Freimut Börngen (born October 17, 1930) is a German astronomer and a prolific discoverer of minor planets. A few sources give his first name wrongly as "Freimuth". The Minor Planet Center credits him as F. Borngen.
He has studied galaxies with the Schmidt telescope at the Karl Schwarzschild Observatory in Tautenburg, Germany. In 1995 he retired, but continues to work as a freelancer for the observatory. As a by-product of his work, he has discovered numerous asteroids (519, as of July 2006). The research on asteroids had to be done in his spare time, as the search for small objects was not considered prestigious enough by the GDR research managers. During the GDR regime, Börngen restricted himself to politically neutral names for his asteroids, such as topics related to Thuringia or famous scientists and composers. Examples include 2424 Tautenburg, 3181 Ahnert, 3245 Jensch, or 3941 Haydn. After the German reunification, he chose systematically historical, cultural, scientific and geographical namings, and at times honored amateur astronomers. Other names include references to resistance fighters against the Nazi suppression, or document a religious interest.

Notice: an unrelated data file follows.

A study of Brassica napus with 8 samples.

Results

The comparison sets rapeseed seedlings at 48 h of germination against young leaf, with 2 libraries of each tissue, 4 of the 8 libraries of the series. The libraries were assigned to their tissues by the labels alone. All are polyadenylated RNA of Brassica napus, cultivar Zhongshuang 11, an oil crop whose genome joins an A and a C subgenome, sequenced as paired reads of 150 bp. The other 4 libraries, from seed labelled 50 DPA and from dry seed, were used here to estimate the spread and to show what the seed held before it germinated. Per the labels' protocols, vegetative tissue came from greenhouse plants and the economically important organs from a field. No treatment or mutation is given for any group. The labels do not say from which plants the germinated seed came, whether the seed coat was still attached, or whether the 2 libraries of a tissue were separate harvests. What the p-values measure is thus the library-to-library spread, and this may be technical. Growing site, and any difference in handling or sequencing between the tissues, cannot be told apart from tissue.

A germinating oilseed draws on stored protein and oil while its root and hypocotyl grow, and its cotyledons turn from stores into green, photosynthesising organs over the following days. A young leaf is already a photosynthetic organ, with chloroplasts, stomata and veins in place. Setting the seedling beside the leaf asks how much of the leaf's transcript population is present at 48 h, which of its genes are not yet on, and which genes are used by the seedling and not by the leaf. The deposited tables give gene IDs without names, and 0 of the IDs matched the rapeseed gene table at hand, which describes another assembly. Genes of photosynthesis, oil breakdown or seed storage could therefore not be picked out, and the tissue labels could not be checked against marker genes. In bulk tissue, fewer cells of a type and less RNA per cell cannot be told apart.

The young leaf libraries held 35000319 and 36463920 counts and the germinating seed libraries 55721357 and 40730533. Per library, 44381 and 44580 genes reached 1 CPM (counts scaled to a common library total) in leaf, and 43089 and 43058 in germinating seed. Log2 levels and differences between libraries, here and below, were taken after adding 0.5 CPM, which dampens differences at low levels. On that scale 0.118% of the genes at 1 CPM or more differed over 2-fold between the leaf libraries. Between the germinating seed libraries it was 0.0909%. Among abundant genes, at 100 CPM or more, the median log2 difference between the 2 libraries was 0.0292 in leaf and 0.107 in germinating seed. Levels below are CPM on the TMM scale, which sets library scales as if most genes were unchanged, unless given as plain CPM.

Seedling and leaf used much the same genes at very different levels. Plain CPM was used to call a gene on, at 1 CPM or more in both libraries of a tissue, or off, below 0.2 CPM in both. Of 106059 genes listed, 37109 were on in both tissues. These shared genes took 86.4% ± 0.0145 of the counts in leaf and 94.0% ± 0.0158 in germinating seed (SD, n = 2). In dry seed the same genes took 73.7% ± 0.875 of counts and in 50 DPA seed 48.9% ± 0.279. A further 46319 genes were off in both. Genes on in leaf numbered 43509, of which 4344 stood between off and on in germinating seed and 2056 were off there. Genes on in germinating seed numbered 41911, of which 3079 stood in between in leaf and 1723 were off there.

Freimut Börngen has achieved great reputation in the international scientific community for his human qualities and the well-substantiated choice of names. In 2006, he was awarded the Bundesverdienstkreuz am Bande (Cross of Merit on ribbon) by German Federal President Horst Köhler.
The main-belt asteroid 3859 Börngen, discovered by astronomer Edward Bowell at the U.S. Anderson Mesa Station in 1987, was named in his honor. The naming and its citation was proposed and written by his college Lutz Schmadel, and published on 20 February 1989 (M.P.C. 14207).